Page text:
Consent to transfer of management rights agreements: what’s reasonable?

Some time ago, Resort News published an article by me on what I thought was reasonable for a body corporate to request from a buyer of management rights, in considering whether or not a body corporate committee should consent to the transfer of management rights agreements to the buyer.

This is an important issue, because under the Body Corporate and Community Management Legislation, a body corporate committee must not unreasonably withhold approval to a transfer.

Under the legislation, one of the matters which a body corporate committee may have regard to is the financial standing of the proposed transferee. My opinion, as expressed in my previous article, was that it is doubtful that it is reasonable or necessary for a body corporate committee to require detailed financial statements from a buyer who has approval from a bank for substantial financing to complete the purchase of management rights.

A bank has a better system of determining whether the financial standing of a buyer is sufficient to take over management rights agreements, and in any case, it is not as if the body corporate will be dependent on payments being made by the caretaker to the body corporate.

And so it came to pass that an adjudicator appointed by the body corporate and community management commissioner, was asked to consider whether it was reasonable for a body corporate committee to require declarations in a particular form, in support of financial statements provided by the buyer. After exhaustive analysis, the adjudicator decided it was not reasonable.  As part of that analysis, the adjudicator stated: “It is usual in my view that sufficient evidence of financial soundness would be acceptable by confirmation from a financier that the borrower had passed stringent lending criteria.”

Evidence of financial approval for a substantial level of borrowing should be sufficient evidence of this.  The adjudicator also stated: “I find that while the body corporate is entitled to understand the assignee’s financial standing, they are not entitled to test the veracity of their evidence of financial standing when the assignee’s bank had tested their financial capacity.” The end result was that the body corporate’s legal and administrative costs relating to this unreasonable requirement for a specific form of declaration of the buyer’s financial position, could not be passed on to the seller, leaving the body corporate, its solicitors, and the body corporate manager to fight it out over whether the costs that could not be reclaimed from the seller should be paid by the body corporate.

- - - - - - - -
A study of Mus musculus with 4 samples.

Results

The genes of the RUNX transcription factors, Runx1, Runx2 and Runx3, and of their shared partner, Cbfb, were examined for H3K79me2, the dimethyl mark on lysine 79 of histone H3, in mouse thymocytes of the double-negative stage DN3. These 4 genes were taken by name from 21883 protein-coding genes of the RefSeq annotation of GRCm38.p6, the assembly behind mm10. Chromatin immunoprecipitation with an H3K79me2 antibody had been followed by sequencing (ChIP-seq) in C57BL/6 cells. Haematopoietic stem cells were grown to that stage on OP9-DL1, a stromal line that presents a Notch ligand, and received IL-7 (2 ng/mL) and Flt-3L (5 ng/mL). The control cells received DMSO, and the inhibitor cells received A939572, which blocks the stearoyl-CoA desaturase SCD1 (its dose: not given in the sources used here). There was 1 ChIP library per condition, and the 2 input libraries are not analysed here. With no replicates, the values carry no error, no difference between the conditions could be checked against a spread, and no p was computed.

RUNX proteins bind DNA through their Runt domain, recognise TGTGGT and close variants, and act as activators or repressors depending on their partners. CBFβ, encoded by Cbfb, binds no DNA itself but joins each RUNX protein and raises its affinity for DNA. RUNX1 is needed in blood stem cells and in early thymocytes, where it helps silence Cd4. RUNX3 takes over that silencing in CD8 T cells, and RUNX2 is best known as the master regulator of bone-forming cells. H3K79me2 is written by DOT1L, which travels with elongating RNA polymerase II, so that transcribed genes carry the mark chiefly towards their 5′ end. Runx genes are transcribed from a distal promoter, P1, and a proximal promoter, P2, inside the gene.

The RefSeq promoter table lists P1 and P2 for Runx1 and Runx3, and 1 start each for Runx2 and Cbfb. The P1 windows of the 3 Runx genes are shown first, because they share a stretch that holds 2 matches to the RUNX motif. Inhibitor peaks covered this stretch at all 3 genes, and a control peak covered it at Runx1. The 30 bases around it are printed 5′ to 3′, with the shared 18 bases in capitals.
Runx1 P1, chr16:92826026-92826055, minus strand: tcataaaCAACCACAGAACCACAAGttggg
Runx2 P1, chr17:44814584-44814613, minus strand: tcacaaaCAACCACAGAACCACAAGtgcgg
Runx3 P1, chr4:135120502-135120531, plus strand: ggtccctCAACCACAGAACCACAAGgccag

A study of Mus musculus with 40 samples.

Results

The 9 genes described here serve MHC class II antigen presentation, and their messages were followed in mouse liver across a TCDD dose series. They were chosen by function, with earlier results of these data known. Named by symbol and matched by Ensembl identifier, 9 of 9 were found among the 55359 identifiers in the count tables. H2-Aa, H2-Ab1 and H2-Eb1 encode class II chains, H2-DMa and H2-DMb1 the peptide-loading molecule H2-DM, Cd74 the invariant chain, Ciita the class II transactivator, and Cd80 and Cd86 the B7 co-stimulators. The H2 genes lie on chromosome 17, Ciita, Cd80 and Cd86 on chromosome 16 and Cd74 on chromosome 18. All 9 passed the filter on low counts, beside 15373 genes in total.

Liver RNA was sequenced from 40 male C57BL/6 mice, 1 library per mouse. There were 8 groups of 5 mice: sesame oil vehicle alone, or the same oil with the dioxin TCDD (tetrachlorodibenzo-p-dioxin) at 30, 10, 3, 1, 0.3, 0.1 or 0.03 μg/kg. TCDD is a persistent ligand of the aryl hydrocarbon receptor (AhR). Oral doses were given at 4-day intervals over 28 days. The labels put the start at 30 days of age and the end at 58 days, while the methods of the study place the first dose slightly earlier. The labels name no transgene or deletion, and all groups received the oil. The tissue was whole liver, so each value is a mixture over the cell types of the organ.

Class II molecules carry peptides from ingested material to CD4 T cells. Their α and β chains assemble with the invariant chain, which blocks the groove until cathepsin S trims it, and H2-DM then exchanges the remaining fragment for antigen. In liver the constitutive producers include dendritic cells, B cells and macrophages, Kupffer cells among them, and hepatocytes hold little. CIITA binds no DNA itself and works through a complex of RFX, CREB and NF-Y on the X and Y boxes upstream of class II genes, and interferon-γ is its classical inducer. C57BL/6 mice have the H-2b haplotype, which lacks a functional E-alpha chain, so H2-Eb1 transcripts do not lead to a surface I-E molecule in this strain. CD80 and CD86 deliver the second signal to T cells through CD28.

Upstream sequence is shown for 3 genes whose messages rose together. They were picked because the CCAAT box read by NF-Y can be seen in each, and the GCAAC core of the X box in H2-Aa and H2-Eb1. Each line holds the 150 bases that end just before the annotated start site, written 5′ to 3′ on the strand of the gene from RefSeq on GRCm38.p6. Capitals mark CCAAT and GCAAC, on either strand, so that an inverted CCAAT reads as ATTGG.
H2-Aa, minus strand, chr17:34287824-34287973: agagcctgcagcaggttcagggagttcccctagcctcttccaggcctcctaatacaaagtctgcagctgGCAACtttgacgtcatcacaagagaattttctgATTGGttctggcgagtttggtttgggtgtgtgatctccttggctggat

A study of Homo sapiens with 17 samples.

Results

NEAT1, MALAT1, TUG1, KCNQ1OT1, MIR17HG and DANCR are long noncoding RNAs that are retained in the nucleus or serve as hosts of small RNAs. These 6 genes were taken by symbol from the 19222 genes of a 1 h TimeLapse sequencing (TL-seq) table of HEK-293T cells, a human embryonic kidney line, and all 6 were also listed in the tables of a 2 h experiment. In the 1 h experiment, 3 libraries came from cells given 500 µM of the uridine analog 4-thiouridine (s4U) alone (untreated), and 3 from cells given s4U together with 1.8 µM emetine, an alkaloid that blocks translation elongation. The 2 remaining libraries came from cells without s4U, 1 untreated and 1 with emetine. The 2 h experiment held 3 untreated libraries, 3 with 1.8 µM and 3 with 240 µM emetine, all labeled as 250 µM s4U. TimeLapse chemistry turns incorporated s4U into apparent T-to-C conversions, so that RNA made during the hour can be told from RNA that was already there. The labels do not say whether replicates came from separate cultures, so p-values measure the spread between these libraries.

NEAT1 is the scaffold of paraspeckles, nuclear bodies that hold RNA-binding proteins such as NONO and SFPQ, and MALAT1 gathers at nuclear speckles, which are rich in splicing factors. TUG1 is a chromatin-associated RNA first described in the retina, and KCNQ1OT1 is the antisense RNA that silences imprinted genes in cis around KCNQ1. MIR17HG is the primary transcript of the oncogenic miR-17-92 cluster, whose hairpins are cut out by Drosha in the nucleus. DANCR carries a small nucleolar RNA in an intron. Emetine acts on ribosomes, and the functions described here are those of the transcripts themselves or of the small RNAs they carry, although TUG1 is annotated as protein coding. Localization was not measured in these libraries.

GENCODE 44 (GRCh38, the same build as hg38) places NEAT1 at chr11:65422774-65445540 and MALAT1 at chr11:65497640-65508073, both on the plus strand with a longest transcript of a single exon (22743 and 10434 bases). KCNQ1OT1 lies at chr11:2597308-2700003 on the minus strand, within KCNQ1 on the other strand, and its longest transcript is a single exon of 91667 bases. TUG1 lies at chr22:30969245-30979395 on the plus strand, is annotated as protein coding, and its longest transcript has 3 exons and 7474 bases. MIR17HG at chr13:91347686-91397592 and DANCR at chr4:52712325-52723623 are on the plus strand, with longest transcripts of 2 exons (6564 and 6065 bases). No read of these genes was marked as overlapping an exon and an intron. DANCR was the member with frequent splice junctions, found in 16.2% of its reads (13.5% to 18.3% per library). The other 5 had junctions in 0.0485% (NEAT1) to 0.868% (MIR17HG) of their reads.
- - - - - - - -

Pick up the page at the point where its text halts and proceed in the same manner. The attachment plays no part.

Since the body corporate’s actions led to the buyer pulling out of the sale, it is likely that the seller would have a claim against the body corporate for damages suffered as a result of the loss of the sale. An adjudicator appointed by the commissioner has no power to hear a dispute over a claim for damages, but it is likely that a seller of management rights would be able to have such a claim determined by a court or jurisdiction, having the right to determine contract disputes between a caretaker/letting agent and a body corporate.

As an aside, the adjudicator also found that the body corporate acted unreasonably in making it a condition of consent that the buyer undertake a horticulture course.

Another argument I put forward in my previous article, was that it is not reasonable for a buyer to obtain and provide to the body corporate committee, criminal history checks, when such checks are already carried out by the Office of Fair Trading under the process of granting or extending the real estate agent’s licence the buyer must obtain to continue to operate the management rights business the buyer is purchasing. My investigations with the Office of Fair Trading have convinced me that the information arising from police checks requested by bodies corporate, and those requested by the Office of Fair Trading, both before issuing a new licence, and extending an existing one, provide exactly the same information.   It is a short step to the position that body corporate committees act unreasonably in requesting that police checks be provided by the buyer when the Office of Fair Trading already go through this process.

I believe that body corporate committees and their legal advisors are putting their body corporate at substantial risk of having to pay damages, because of their excessive demands in relation to considering consent to transfer of management rights agreements.


Martin Punch

Martin Punch is a Partner at Short Punch & Greatorix, a property and business based legal firm with an emphasis on property and business development, management rights and commercial property.